A self-fulfilling prophecy is when a person unknowingly causes a prediction to come true, due to the simple fact that he or she expects it to come true. This is because our expectations towards circumstances, people or events will directly affect how we react towards them. And more often than not it will result in behaviors that will fulfill these expectations. For better or worse.
In the podcast episode “How to become batman“, the hosts explore the impact expectations have on people’s abilities. For example students perform better on tests when the teachers have higher expectations of them. This phenomenon was also observed when students believed their rats were “brighter”, the rats did better!
In one study (Rosenthal & Fode, 1963), psychology students in a learning and conditioning course unknowingly became subjects themselves. Some of the students were told they would be working with rats that had been specially bred for high intelligence, as measured by their ability to learn mazes quickly.The rest of the students were told that they would be working with rats bred for dullness in learning mazes. The students then proceeded to condition their rats to perform various skills, including maze learning. The students who had been assigned the maze-bright rats reported significantly faster learning times than those reported by the students with the maze-dull rats.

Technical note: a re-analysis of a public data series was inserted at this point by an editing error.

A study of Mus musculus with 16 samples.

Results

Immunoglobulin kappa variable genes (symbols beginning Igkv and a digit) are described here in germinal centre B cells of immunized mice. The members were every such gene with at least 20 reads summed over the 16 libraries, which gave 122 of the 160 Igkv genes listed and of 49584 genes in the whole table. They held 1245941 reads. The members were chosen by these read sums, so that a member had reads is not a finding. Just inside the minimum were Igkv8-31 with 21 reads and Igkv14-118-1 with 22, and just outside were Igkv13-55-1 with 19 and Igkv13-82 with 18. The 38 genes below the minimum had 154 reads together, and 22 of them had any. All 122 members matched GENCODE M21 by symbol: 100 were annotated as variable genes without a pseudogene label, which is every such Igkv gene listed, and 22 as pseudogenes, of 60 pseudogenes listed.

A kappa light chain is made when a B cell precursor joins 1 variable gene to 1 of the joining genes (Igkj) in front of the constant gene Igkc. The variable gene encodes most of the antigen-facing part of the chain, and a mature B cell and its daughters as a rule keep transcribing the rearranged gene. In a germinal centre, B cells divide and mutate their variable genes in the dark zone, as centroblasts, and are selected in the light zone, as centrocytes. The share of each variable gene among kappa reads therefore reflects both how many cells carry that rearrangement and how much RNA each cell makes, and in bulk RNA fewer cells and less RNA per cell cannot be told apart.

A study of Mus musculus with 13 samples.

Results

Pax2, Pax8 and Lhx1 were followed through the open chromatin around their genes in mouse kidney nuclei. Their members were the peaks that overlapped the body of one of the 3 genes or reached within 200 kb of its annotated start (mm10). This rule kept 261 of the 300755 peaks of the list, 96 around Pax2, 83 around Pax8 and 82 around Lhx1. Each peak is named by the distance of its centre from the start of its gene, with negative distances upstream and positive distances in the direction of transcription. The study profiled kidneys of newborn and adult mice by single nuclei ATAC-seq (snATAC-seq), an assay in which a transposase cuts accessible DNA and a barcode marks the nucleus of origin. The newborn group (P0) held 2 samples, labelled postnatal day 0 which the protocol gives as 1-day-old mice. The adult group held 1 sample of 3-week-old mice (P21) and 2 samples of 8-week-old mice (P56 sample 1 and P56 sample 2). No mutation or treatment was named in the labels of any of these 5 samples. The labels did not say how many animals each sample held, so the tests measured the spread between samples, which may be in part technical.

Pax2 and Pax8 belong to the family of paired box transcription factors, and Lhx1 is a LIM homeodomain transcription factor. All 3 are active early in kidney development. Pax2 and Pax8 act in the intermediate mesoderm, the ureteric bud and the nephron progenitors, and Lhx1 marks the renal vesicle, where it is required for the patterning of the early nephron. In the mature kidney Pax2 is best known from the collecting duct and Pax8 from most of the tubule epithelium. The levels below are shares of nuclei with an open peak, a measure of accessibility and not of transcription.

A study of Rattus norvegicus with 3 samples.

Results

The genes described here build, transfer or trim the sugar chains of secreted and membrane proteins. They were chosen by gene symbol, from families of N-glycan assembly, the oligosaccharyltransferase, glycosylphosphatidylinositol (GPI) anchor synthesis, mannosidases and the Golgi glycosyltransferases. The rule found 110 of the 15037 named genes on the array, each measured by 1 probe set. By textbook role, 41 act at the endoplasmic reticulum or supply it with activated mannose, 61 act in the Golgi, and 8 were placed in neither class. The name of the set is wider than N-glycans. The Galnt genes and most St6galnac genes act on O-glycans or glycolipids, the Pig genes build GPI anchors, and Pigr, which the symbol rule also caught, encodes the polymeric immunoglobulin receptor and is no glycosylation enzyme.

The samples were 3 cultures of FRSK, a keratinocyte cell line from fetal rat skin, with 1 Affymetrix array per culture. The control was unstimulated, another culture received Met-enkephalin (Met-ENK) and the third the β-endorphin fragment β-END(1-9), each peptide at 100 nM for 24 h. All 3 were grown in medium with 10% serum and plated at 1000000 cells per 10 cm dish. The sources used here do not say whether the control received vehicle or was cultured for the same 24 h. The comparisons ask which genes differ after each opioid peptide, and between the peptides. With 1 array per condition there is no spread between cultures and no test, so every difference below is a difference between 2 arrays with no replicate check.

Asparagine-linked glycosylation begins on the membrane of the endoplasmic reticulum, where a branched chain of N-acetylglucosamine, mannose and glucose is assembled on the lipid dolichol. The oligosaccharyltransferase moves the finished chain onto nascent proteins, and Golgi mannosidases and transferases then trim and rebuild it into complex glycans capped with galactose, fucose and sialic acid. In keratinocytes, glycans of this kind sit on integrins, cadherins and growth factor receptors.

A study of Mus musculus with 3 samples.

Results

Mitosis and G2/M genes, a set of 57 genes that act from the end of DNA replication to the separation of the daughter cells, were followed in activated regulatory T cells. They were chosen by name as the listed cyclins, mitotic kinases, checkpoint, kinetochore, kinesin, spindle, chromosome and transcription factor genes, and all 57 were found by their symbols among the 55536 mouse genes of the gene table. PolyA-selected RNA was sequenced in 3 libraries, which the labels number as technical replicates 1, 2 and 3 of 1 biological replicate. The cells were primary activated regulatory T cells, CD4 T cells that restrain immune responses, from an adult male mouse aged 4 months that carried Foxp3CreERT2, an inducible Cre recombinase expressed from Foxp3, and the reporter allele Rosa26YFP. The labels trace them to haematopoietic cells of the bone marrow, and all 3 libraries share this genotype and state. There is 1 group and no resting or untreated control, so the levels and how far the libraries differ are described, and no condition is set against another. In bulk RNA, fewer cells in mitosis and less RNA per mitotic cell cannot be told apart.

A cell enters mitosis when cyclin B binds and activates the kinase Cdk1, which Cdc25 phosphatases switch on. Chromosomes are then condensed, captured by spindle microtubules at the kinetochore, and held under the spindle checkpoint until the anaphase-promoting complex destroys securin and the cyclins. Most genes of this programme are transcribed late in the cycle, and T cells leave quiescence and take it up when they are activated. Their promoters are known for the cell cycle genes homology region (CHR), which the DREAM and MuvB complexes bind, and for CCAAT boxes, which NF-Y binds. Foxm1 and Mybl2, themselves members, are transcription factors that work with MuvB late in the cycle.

The podcast goes on to discuss very interesting questions such as: Are the handicapped/disabled actually capable of much more but do not realise their true potential due to the low expectations and stereotypes society places on them? Are they slaves to society’s perceptions? Can you see without eyes? This podcast explores these questions with a feature on Daniel Kish, the Batman and how his work has impacted those who have came into contact with him.
How do we use self-fulfilling prophecies to our advantage? By faking it till you make it, so to speak. Be confident, not arrogant. And approach every new challenge with a positive mindset to avoid handicapping yourself from the get-go.